Key NLRB Ally Wins Top Job on Appropriations Committee
A longtime defender of the civil service becomes Chair of the House's main budgeting body.
Few outlets will connect the two, but early Thursday afternoon brought with it the best news for the future effectiveness of the National Labor Relations Board since Joe Biden was announced as winner of the 2020 presidential election (concession still pending). In a landslide vote, Congresswoman Rosa DeLauro (D-CT) was elected as Chair of the House Appropriations Committee by the Democratic Caucus.
The Appropriations Committee controls government spending and thus the funding of federal agencies, making its chairmanship one of the more coveted positions in Congress. DeLauro comes to the Committee with almost 30 years of experience in the House and a previous role as the head of the Subcommittee on Labor, Health and Human Services, Education, and Related Agencies, making her a logical fit to ascend up the ladder.
What separates DeLauro from a typical House Democrat in leadership is her rare dedication to the civil service, specifically the rank-and-file personnel of the National Labor Relations Board. DeLauro has been at the forefront of every congressional pushback against General Counsel Peter Robb’s attacks against the agency, even making speeches on the picket lines of the NLRB’s labor unions. DeLauro also initiated the first House hearing in years regarding the Labor Board’s operations. Her opening remarks in that hearing—which skewer Robb and NLRB Chairman John Ring for requesting a cut to the Labor Board’s budget—may as well have been written by the agency unions themselves.
In short, DeLauro “gets it.” Enforcing the National Labor Relations Act is not simply a matter of reversing bad precedent and adhering to a more faithful interpretation of the law’s pro-collective bargaining principles; it requires a strong commitment to adequately funding and staffing the agency. The NLRB’s unions have, since their earliest days, pled to Congress for the resources necessary to carry out the NLRA as intended. The call has gone unanswered for much of the last half-century, resulting in excessive belt-tightening again and again and again. Labor law enforcement is a simple numbers game that the vast majority of politicians have chosen to ignore so long as they can claim that they kept the lights on.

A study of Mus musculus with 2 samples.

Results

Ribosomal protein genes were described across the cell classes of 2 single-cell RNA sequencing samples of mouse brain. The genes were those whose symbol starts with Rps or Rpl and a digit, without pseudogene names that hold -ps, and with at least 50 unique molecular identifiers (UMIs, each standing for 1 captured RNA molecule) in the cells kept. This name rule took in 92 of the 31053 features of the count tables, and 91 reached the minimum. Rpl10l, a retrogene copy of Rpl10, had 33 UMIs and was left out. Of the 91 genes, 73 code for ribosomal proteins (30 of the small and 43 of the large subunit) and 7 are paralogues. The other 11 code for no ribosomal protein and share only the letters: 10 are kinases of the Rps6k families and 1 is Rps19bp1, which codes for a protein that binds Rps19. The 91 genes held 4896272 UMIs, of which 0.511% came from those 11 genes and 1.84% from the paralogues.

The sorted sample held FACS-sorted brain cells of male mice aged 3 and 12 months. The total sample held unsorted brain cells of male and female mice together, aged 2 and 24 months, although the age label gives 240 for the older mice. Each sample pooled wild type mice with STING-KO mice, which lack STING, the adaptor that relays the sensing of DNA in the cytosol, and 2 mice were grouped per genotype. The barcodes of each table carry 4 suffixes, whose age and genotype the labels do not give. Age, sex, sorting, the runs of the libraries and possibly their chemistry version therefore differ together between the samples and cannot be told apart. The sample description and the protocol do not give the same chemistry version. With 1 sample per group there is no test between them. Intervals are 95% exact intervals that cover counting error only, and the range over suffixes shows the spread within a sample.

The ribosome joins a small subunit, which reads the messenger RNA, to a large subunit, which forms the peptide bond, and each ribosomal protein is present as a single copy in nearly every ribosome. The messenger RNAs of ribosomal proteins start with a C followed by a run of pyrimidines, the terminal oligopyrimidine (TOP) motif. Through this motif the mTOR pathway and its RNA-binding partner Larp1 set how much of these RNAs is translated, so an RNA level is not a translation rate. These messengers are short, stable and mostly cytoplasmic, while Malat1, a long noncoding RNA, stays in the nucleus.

So for those of us who care about the Labor Board and its tenuous place within the political ecosystem, it is encouraging to see someone like DeLauro—who proudly boasts receiving the first endorsement in the National Labor Relations Board Union’s (NLRBU) history—stepping into one of the most powerful budgetary positions in Congress. She will almost certainly not agree to any funding decrease for the agency, and instead will likely push valiantly for a long-overdue increase. DeLauro can also work with future Biden-appointed officials (acting or confirmed) to secure language which commits the Labor Board to maintaining certain staffing or training levels that can buttress the agency against future Republican cutbacks.
As an aside, DeLauro’s win pushes back against some common political tropes we see in Hill coverage. DeLauro is a longtime Pelosi ally and is 23 years older than her main competitor for the chairmanship, Debbie Wasserman Schultz. While the race could have been portrayed as another example of a generational split in the Democratic Party that ended up favoring the establishment pick, the reality is that DeLauro is well to Wasserman Schultz’s left on fiscal policy and has been less ensconced within the national party apparatus. It is thus not surprising that the labor movement overwhelmingly backed DeLauro in her bid for the gavel.
The NLRB awaits its most important decisions from the Biden administration, including the potential firing of Robb. But the post-Trump era has gotten off to a good start with DeLauro’s victory.